Open Access. Powered by Scholars. Published by Universities.®

Journal

University of Arkansas, Fayetteville

Articles 1 - 3 of 3

Full-Text Articles in Ancient, Medieval, Renaissance and Baroque Art and Architecture

The Unsettling Landscape: Landscape And Anxiety In The Garden Of The House Of Octavius Quartio, Sarah Brutesco Jan 2007

The Unsettling Landscape: Landscape And Anxiety In The Garden Of The House Of Octavius Quartio, Sarah Brutesco

Inquiry: The University of Arkansas Undergraduate Research Journal

Ancient Roman houses (domus) were both public and private spaces and were used by the homeowner (dominus) to send messages of power to his guests and family members. Scholarly analysis of the rhetorical power of the architecture and decoration of the domus has largely overlooked the role of the garden within this context. It is generally assumed that the purpose of the garden was to provide a calm green space in the center of an urban home. The purpose of this paper is to challenge this overly simplistic reading of Roman gardens and to explore how the dominus might have ...


Development Of Gendered Space: The Archaic And Classical Greek Temple, Callie Williams Jan 2006

Development Of Gendered Space: The Archaic And Classical Greek Temple, Callie Williams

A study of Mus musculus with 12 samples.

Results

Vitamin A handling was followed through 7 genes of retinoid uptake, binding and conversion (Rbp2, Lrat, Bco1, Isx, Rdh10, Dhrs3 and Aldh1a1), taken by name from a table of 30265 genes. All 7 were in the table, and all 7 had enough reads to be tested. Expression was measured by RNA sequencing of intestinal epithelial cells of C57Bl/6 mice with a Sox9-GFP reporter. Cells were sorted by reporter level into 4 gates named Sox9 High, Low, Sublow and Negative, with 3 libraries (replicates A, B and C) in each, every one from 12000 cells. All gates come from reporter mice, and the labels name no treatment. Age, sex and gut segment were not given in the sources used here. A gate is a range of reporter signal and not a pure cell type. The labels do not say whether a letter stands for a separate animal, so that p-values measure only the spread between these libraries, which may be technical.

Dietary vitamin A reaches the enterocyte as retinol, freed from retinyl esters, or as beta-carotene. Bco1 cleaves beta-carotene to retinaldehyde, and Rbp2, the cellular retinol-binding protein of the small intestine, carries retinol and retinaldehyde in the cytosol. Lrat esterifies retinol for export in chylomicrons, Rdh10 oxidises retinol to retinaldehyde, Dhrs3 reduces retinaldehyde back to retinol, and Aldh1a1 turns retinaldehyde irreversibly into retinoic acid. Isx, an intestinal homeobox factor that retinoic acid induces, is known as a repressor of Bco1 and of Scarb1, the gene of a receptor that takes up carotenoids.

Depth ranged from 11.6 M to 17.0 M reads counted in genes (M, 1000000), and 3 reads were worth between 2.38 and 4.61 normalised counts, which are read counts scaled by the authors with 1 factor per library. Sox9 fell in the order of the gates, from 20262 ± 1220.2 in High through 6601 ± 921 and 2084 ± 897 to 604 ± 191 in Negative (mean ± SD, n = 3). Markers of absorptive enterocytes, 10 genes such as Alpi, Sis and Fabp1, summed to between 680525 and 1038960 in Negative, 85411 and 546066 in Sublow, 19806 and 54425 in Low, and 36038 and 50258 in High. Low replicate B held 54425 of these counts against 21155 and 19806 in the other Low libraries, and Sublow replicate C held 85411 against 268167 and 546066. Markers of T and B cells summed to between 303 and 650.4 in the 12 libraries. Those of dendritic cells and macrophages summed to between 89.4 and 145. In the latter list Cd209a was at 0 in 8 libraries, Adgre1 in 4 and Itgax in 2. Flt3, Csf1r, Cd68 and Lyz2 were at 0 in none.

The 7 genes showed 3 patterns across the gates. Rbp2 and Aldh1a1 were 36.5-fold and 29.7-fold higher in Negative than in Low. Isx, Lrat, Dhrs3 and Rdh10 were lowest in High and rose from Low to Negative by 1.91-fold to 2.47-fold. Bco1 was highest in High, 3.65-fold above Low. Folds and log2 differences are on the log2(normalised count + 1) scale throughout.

Inquiry: The University of Arkansas Undergraduate Research Journal

Throughout the ancient Greek world, temples marked the landscape as a sign of Greek civilization. Although Greek temples hare been examined, described, and catalogued scientifically since archaeology came of age in the 18th century, the question of their cultural significance in their original Greek context has vet to be fully answered. Many twentieth-century interpreters tended to yoke the history of Greek temples to narratives of modernism, resulting in anachronistic conclusions. Current trends in architectural history have begun to test other interpretative strategies, such as the interrelationship between architecture and the emergence of Greek philosophy. This essay explores the possibilities of ...


Lucas Van Leyden's Dance Around The Golden Calf: The Northern Triptych In The Age Of The Reformation, Jennifer R. Pease Jan 2006

Lucas Van Leyden's Dance Around The Golden Calf: The Northern Triptych In The Age Of The Reformation, Jennifer R. Pease

Inquiry: The University of Arkansas Undergraduate Research Journal

This paper focuses on Lucas van Leyden's 1530 triptych Dance Around the Golden Calf. It is shown through a stylistic and iconographic analysis of the painting that it is a piece reflective of the tensions and upheaval prevalent during the Reformation-era society in which it was produced. This was a time when Northern European artists such as Lucas began an increase in secularism in their work, demonstrating the dawn of a new era in the church. Lucas effectively uses visual contradiction and psychological implication to respond artistically to the tumultuous age of the Reformation.